Promoting an accessible, responsive approach to engineering education
A new initiative in the Department of Electrical and Computer Engineering will help a pool of talented students pursue a degree in engineering.
The project, called ECSEL: Electrical, Computer, and Software Engineers as Leaders, is part of the National Science Foundation’s Scholarships in Science, Technology, Engineering, and Mathematics (S-STEM) program, which provides financial support to help low-income, academically talented students obtain STEM degrees and enter the workforce or graduate study.
The program will fund 582 scholarships over the next five years for students majoring (or preparing to transfer) in electrical engineering, computer engineering and software engineering.
“We’re also creating what we are calling an ecosystem of academic and co-curricular support for these students, providing them with an experience that will not only encourage them to stay in their STEM field of choice but also give them the tools to excel,” says Joe Zambreno, associate professor of electrical and computer engineering and principal investigator of the project.
The program is a multi-institutional, collaborative partnership between the Department of Electrical and Computer Engineering, Program for Women in Science and Engineering, Des Moines Area Community College and Kirkwood Community College, and Zambreno says the group will leverage the individual successes of each partner as the program grows.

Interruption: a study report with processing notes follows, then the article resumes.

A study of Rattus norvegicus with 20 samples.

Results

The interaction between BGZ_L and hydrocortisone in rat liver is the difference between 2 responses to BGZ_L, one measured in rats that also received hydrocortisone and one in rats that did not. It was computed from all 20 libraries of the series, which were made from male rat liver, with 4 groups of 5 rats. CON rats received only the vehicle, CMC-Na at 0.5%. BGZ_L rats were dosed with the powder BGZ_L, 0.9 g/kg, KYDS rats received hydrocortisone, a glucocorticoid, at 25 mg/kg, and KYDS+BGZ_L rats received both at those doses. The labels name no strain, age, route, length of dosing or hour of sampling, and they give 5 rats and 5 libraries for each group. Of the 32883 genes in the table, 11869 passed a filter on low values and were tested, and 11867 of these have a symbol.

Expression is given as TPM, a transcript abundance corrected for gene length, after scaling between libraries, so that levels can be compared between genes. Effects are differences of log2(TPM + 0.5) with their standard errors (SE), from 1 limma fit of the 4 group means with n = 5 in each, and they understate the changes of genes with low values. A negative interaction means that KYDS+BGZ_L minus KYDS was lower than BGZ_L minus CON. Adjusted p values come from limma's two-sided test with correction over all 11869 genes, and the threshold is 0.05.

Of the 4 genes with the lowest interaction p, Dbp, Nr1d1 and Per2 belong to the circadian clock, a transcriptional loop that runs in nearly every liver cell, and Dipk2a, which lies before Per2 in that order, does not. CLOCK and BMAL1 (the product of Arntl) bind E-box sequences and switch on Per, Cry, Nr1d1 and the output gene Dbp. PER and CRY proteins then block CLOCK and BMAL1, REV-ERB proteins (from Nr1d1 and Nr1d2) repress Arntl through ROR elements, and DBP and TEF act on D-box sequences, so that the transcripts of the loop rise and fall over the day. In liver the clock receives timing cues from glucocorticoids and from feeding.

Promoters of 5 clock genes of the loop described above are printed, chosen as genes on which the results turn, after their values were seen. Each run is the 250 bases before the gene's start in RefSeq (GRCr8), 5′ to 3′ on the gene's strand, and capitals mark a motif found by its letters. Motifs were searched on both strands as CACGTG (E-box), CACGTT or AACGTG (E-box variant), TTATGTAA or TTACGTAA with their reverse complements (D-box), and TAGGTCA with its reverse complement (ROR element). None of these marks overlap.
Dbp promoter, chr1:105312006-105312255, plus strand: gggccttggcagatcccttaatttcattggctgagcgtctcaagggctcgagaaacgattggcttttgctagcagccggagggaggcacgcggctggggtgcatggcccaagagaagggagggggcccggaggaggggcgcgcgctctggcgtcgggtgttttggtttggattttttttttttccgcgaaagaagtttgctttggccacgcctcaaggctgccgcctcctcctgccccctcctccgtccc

“We are looking at the entire process of earning a degree in STEM and identifying ways to make it better, whether it’s making sure classes transfer from community college to Iowa State or offering leadership development opportunities that keep the students engaged in their learning and growth,” he adds.
An important aspect of the project will be the team’s research studies of the ecosystem of supports that will accompany the project. Zambreno says the group will investigate how underrepresented minorities, including women, in STEM fields develop their professional and career identity using both qualitative and quantitative metrics.
“Knowing what motivates individuals can help us make adjustments to the learning environment we offer,” he adds. “The more we can do to encourage diversity in thought and culture in STEM, the better the fields will be.”